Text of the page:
The UvA has reserved houses for 96 international students on the Spinoza campus and in the Daalwijk flat in Amsterdam Zuidoost for the next academic year. Folia has previously reported on the safety concerns expressed by some of the students living in the neighbourhood of the Daalwijk flat, but housing provider Duwo says, ‘most students seem satisfied’.
According to the university, the reserved housing comprises ‘a small part of the total number of student houses’ at the Spinoza campus of which there are 1,100 housing units in total. In ‘almost all cases’ students should be able to choose their own room. Earlier this year the university told Folia that no decision had been made about the placement of international students on either these campuses.
Over the last year, international students have complained about security issues on campus — and frequently. A bullet flew through the window of one student’s house, another was robbed at gunpoint, a 35-year-old woman died after being stabbed in the neighbourhood and a female student was attacked near the laundry room. Students have reported broken apartment doors, ‘weird people’ and ‘a shitload of drug dealing’. Duwo has since hired a security company and the municipality has arranged for extra police surveillance.
A UvA spokesperson says the university understands the important of taking its students’ feelings into account, and is in the process of implementing new safety measures and adding facilities on and around campus to create more ‘liveliness’. It is also important to adequately inform international students ‘about life in a city like Amsterdam, and to point out some precautions’.
On the Spinoza campus Facebook page, the residents’ committee (in an effort commissioned by Duwo) is calling on students to share their experiences, hoping to create a more nuanced picture. ‘The media has created a negative image about the campus. Duwo is looking for people to add nuance to this. Duwo will take your opinion into account when in consultation with involved organisations such as the municipality.’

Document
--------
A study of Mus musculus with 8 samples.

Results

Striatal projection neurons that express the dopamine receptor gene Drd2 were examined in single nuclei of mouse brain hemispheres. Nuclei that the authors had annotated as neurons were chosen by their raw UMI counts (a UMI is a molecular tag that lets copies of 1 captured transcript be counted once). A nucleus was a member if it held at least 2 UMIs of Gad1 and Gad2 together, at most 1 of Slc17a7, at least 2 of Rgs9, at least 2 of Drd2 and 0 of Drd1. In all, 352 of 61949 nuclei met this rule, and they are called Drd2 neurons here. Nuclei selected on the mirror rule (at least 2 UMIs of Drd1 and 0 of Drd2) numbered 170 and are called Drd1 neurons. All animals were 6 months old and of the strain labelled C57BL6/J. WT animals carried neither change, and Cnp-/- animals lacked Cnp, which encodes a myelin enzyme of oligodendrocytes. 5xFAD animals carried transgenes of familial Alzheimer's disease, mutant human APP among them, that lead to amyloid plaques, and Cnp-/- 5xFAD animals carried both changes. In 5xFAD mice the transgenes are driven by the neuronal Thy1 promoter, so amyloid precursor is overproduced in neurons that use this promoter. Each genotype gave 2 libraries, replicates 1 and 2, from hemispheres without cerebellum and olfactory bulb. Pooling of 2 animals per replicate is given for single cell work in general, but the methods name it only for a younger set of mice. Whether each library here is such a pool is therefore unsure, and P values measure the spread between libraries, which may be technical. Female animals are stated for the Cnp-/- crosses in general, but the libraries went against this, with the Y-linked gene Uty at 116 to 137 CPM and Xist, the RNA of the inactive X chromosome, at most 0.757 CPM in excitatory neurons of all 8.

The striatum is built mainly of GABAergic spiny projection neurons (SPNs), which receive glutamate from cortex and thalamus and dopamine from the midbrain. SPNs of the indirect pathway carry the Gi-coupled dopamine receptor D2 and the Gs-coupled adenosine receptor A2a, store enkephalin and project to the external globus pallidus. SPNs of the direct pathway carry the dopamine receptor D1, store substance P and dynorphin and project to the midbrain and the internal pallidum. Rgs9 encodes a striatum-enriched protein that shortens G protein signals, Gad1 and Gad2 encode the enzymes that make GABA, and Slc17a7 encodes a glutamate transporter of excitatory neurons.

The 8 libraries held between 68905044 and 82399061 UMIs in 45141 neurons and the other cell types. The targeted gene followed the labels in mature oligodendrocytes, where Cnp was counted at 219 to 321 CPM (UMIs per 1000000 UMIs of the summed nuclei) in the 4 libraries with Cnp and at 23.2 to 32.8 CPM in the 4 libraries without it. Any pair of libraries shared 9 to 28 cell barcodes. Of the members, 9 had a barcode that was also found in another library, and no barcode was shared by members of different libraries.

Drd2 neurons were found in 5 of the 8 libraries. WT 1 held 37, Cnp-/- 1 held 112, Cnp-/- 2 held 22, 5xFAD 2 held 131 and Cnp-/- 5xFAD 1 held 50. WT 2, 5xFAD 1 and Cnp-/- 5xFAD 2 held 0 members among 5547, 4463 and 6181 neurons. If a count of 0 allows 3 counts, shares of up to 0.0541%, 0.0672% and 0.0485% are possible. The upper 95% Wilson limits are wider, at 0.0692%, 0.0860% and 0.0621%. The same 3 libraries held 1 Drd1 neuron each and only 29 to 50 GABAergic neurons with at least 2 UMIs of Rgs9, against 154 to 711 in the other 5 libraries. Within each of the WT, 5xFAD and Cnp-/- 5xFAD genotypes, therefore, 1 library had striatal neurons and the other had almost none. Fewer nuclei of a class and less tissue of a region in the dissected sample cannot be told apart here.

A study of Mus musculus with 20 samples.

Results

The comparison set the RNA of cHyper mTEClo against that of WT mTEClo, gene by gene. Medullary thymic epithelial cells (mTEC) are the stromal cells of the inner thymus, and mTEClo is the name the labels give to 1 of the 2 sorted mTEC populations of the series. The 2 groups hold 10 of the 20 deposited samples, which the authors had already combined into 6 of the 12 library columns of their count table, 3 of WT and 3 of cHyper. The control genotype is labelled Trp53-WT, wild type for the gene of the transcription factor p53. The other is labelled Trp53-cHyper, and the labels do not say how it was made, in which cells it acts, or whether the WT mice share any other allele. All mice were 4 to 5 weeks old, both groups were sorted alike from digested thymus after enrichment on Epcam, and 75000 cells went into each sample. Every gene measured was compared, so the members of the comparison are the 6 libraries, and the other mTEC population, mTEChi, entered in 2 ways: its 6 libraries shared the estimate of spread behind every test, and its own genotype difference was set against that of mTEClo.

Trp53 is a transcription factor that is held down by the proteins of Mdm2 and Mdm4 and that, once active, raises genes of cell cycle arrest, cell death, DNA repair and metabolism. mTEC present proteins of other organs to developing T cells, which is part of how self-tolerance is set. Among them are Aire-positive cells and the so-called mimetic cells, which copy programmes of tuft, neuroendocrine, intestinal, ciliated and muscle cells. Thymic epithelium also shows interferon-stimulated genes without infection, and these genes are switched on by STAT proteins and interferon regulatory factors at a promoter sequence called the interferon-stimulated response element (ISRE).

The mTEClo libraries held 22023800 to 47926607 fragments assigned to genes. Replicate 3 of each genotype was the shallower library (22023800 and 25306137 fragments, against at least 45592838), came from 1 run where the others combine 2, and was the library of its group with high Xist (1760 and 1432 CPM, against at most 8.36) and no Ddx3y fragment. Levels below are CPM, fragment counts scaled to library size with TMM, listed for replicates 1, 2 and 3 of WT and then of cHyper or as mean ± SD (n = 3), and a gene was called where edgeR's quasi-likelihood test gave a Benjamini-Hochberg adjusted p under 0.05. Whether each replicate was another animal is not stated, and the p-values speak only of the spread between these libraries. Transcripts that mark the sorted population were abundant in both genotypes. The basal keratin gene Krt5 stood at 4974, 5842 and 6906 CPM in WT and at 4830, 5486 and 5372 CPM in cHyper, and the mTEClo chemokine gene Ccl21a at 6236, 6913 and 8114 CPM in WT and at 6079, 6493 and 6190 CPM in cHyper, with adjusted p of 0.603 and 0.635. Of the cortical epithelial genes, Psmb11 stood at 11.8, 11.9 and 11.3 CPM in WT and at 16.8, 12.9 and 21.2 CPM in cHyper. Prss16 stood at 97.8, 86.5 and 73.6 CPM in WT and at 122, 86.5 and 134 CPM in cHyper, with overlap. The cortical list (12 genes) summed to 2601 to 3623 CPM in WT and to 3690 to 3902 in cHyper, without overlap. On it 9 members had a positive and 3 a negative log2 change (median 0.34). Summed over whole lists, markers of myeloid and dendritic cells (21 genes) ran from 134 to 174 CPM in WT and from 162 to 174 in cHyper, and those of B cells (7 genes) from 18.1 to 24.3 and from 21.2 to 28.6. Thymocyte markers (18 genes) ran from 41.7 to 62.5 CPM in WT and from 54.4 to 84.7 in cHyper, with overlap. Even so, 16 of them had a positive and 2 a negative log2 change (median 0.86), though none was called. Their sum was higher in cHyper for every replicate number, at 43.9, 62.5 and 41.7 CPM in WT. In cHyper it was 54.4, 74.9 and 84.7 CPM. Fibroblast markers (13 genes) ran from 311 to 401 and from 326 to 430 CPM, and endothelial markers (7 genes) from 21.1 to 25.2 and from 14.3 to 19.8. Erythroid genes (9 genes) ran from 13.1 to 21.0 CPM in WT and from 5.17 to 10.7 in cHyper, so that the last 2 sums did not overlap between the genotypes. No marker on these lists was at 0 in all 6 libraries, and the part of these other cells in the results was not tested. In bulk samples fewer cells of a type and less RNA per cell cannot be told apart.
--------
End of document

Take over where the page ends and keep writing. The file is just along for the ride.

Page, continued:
Duwo spokesperson Marja Weverling rejects the committee statement about the media. ‘We wonder what’s going on. Overall students seem satisfied, but apparently we’re not doing things right. There have been some issues, but many students told us that they feel fine.’
Feeling safe and actually being safe are different things, Weverling believes. ‘We have a changing group of residents with different experiences. This consultation is an ongoing process.’ She says Duwo has been advocating for cameras on campus for years, but the municipality and police only allow them in ‘extremely unsafe situations’. In fact, Duwo isn’t even responsible for the students’ safety in public areas, says Weverling. ‘We can’t do anything about someone in the Venserpolder who decides to test out a Kalashnikov. But we know that our residents are vulnerable. We have set up a Whatsapp group where students can contact security guards and ask for help if they feel scared.’
Duwo’s policy is to speak to students individually after a complaint has been made. ‘After the shooting incident, the common call was for extra security. But even an army isn’t going to prevent a bullet from flying through a window. And don’t forget students must also leave campus to go to work or university… We can’t arrange a personal safety guard for everyone.’
Is there a solution? ‘Let me know if you find one. I can’t do much about someone not feeling safe. And we can’t withdraw those 1,100 houses from the market. There is no space left in Amsterdam.’